Boris to Consider Abolishing BBC Television Tax

QUEDGELEY, GLOUCESTER, ENGLAND - DECEMBER 09: British Prime Minister and Conservative leader Boris Johnson speaks at a general election campaign rally on December 9, 2019 in Quedgeley, near Gloucester, England. The U.K will go to the polls in a general election on December 12. (Photo by Ben Stansall - WPA …
Ben Stansall - WPA Pool/Getty Images

Prime Minister Boris Johnson has questioned whether taxing everyone who has a television to fund the BBC is justifiable, saying that a new Conservative government would look into scrapping the TV licence fee.

Prime Minister Johnson made the comments during a rally in Sunderland on Monday, saying he was “certainly looking at it”.

He continued: “You have to ask yourself if that kind of approach to funding a media organisation still makes sense on the long-term given the way other organisations manage to fund themselves?”

“The system by funding out of what is effectively a general tax on everybody who has a TV, it bears reflection, let me put it that way. How long can you justify a system whereby everybody who has a TV has to pay to fund a particular set of channels?” he added.

The television licence costs £154.50 a year and will stay in place until at least 2027 when the BBC Royal Charter expires. Those who watch live television and do not have a TV licence — regardless of whether they watch the BBC or not — are liable to financial penalties, with unpaid fines being escalated to a court appearance, possible prosecution, and even imprisonment.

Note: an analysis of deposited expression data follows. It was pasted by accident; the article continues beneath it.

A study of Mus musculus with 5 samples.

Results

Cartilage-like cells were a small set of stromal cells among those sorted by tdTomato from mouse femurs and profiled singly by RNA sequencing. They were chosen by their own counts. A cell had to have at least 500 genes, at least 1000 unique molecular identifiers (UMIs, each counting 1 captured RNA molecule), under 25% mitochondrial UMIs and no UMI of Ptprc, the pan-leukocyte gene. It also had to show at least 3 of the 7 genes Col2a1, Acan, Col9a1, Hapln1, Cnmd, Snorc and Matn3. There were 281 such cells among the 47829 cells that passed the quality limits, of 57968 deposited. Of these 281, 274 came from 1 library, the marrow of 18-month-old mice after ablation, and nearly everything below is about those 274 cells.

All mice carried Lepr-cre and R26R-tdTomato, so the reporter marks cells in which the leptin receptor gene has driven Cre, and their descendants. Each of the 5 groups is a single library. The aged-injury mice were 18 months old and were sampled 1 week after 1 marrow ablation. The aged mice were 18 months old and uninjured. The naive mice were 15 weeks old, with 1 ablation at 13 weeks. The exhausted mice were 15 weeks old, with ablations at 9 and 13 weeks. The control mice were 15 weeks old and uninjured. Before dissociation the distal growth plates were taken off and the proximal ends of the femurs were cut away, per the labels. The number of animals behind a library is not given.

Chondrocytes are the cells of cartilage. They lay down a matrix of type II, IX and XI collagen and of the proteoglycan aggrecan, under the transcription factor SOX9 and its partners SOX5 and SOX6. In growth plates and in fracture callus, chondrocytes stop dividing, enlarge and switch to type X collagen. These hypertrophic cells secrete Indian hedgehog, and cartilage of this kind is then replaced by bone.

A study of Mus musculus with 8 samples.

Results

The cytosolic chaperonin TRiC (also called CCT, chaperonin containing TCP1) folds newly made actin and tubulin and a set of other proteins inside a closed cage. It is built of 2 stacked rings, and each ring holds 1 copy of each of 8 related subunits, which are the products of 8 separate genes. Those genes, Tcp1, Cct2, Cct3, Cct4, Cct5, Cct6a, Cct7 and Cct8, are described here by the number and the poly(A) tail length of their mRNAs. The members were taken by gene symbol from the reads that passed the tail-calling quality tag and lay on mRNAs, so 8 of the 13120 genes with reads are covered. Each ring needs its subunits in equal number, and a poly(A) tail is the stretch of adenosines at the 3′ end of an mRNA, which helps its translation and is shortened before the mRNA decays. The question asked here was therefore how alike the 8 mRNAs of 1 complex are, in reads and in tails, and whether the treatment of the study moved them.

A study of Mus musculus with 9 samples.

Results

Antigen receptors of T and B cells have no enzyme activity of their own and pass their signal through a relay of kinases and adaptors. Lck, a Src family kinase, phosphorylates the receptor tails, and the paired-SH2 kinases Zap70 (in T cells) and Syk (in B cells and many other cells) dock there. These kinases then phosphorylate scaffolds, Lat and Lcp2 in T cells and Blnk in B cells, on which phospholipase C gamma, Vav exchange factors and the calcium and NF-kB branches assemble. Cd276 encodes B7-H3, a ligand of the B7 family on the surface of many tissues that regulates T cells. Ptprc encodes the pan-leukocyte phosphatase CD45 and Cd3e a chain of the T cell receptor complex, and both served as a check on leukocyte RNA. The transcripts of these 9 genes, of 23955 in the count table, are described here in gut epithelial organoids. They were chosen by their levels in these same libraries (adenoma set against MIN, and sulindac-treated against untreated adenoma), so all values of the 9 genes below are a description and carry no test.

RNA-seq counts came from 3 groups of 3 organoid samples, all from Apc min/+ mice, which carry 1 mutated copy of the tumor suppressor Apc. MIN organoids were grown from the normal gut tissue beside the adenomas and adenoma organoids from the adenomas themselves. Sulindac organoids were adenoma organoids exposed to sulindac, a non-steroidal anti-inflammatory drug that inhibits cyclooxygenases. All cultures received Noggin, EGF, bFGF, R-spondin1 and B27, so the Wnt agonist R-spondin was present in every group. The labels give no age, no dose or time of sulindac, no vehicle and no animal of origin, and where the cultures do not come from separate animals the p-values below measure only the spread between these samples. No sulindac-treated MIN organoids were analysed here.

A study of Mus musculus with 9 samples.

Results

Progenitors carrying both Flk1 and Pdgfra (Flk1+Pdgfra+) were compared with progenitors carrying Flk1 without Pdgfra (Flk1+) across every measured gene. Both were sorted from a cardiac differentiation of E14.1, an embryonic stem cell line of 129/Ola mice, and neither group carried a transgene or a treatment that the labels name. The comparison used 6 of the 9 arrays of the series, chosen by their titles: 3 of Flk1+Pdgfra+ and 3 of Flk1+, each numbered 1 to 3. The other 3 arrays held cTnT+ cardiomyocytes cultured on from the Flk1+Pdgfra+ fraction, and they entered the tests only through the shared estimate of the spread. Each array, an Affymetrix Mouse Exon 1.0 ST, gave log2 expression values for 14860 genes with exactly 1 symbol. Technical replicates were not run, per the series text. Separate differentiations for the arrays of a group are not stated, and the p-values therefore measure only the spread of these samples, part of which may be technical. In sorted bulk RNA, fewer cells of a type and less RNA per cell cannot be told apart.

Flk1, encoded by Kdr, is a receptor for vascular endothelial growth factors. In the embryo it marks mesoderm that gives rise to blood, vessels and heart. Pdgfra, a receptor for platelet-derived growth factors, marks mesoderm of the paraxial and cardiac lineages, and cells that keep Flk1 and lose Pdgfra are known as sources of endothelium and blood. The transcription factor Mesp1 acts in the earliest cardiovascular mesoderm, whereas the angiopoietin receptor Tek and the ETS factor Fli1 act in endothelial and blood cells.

The BBC had agreed in 2015 to accept responsibility for funding over-75s’ free television licence which had before been covered by the government. However, the broadcaster, which brings in £3.6 billion annually from taxing television owners, now says it cannot afford to do so.

Mr Johnson criticised the BBC for denying senior citizens exemption from the tax, saying: “I certainly think the BBC should cough up and pay for the over-75s licence fee as they promised to do.”

The BBC came under criticism from MPs during a Commons committee meeting in July after a representative of the broadcaster confirmed that “outreach” officers would be visiting old peoples’ homes to remind them that from June 2020, they will have to pay the TV tax.  Lawmakers compared the procedures to the punitive visitations that enforcement offers made to licence fee avoiders and said that such calls could be distressing for seniors.

— BBC panics as younger Britons switch off —

A report has revealed that young people are abandoning the BBC in favour of online subscriptions, putting into question whether the licence fee is justifiable in future.

The Times reported on Tuesday that an internal BBC document admitted that youth viewership is “dangerously close to the brink” with fewer than half of 16- 34-year-olds watching the BBC channels in any given week. The leaked document also revealed that the fall is not being offset by younger Britons watching the BBC’s iPlayer online.

“Quality has maintained and iPlayer has grown, so declines are not being driven by a lack of quality,” the document said. “But iPlayer is failing to make up for our losses and our output is not standing up well enough to tough international competition.”

Broadcasting watchdog Ofcom warned in October that if young people do not view the BBC as a core part of their viewing, then “public support for the licence fee could become eroded” and the “BBC may not be sustainable in its current form”.